Naotkamegwanning’s Francis Kavanaugh was selected as the new Ogichidaa (grand chief) of the Anishinaabe Nation in Treaty #3 on the fifth round of the traditional selection process.
“I never planned on running,” Kavanaugh says. “I was chairing the meeting and I got offered tobacco so that is how I became grand chief.”
Kavanaugh was selected on May 25 at the Treaty #3 Spring Assembly in Wauzhushk Onigum (Rat Portage). A former grand chief during the 1990s, he was one of eight candidates nominated for the selection process, including previous Ogichidaa Warren White, Andrew Johnson, Gary Allen, Adolphus Cameron, Jason Wilson, Eli Mandamin and Fawn Wapioke.
“I’ve been chairing meetings for many years so I know what the current issues are,” Kavanaugh says. “I’m up to date in terms of what is important for the chiefs and for the communities. So I’ve never really been out of the loop. In terms of a learning curve, I pretty well know what is going on.”
Kavanaugh plans to work with the leadership to protect treaty rights and empower Treaty #3 through its laws, organizations and people.
“Our nation has survived by the strength and resiliency of our people and we will continue to be strong in the face of the current crises affecting our communities and our nation as a whole,” Kavanaugh says. “Together the leadership will work collectively to address current challenges of mental health and addiction, housing, policing, child welfare and education inequities while being innovative and open to exploring possible economic development which benefits the nation and all of our citizens, while honouring our sacred responsibilities to the land and the water. Our women, youth and our Elders will be integral to the work being undertaken in accordance to our Anishinabe ways of governance.”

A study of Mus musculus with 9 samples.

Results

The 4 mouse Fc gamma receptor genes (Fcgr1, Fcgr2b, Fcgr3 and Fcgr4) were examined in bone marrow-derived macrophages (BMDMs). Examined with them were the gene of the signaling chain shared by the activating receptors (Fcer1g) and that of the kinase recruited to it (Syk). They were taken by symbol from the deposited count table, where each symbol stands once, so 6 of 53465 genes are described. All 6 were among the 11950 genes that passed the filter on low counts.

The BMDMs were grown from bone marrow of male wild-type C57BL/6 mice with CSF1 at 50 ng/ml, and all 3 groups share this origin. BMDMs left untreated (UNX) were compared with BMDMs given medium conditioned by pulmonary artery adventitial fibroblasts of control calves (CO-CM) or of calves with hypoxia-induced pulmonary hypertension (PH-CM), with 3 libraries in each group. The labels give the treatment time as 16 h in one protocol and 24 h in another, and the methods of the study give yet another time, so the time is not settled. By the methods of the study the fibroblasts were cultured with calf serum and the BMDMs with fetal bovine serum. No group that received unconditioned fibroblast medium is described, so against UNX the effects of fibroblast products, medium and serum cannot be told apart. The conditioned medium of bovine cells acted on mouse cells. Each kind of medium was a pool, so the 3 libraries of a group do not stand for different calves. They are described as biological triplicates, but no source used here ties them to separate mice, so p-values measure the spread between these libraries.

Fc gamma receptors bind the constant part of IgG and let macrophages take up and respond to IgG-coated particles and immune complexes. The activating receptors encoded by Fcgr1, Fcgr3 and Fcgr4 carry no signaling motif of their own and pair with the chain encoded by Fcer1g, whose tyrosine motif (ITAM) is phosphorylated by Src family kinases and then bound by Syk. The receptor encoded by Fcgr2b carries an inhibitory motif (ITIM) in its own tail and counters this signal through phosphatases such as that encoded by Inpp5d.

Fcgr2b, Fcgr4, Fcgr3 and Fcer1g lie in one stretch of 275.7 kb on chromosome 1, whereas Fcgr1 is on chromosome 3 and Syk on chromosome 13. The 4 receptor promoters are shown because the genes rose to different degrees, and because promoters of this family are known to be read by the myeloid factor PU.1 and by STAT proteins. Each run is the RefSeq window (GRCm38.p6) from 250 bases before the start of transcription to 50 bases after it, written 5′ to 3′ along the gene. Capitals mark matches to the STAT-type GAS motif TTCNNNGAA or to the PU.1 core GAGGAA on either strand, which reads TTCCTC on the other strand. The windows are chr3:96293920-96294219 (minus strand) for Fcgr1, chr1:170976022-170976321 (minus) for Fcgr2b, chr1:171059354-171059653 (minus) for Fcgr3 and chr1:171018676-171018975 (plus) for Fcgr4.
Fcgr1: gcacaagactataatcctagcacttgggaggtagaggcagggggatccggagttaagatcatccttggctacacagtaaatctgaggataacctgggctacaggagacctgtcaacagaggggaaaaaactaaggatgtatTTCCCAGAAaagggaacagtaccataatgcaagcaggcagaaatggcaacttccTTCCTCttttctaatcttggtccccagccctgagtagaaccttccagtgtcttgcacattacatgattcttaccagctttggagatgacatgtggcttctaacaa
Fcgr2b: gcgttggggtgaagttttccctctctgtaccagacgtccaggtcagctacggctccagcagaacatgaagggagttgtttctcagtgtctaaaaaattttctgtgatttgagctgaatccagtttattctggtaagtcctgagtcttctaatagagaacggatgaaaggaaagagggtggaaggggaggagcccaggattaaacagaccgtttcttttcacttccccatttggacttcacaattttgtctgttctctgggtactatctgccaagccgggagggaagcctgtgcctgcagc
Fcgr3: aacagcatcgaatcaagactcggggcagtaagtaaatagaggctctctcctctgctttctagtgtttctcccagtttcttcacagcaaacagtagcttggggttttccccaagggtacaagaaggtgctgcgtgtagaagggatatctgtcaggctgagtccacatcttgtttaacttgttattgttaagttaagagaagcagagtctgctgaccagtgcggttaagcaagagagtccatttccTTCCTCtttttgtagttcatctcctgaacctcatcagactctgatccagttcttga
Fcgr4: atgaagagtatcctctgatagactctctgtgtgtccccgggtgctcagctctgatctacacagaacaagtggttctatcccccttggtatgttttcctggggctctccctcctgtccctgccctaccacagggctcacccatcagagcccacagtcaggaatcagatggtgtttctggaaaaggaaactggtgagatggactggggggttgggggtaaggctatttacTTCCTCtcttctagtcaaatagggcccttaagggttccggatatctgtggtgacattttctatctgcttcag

Kavanaugh says the Treaty #3 office building needs to be replaced due to its condition. The building is located on the old Cecilia Jeffrey residential school property in Kenora.
“It’s crumbling and it is not a safe place to be,” Kavanaugh says. “That will be one of my priorities is to move on trying to get a new building.”
Kavanaugh says Treaty #3 has needed a new building for a long time, noting that a sod turning ceremony was held the last time he was grand chief from 1997-1999.
“It’s still on the table and I hope we can move on that this time,” Kavanaugh says.
Kavanaugh also plans to develop good working relationships with the federal and provincial governments.
“One of the things that I find appealing is that when I was grand chief last time the MP in the area was Bob Nault,” Kavanaugh says. “And he is again, so I hope to reconnect and re-establish something with the Liberals.”
Kavanaugh also wants to work on getting communities off their boil water advisories.
“I’m from Naotkamegwanning and we’ve had boil water advisories off and on,” Kavanaugh says.
A member of the Sturgeon Clan, Kavanaugh also previously served as chief of his community for a few terms. He is married to Betty and is the father of four and grandfather of seven.
Regional Chief Isadore Day congratulated Kavanaugh on his selection as Ogichidaa.
“I want to welcome Grand Chief Kavanaugh to the Political Confederacy and look forward to working with this seasoned First Nation leader who will be a strong and committed voice for Treaty #3 territory,” Day says. “His years of experience in governance and his knowledge of the treaties will be a major benefit to our team and he will be a strong ally for First Nations citizens. I look forward to working with him on furthering First Nation priorities in the north. I also want to take this opportunity to thank former Ogichidaa Warren White for his service and hard work as both grand chief and as a member of the COO Political Confederacy.”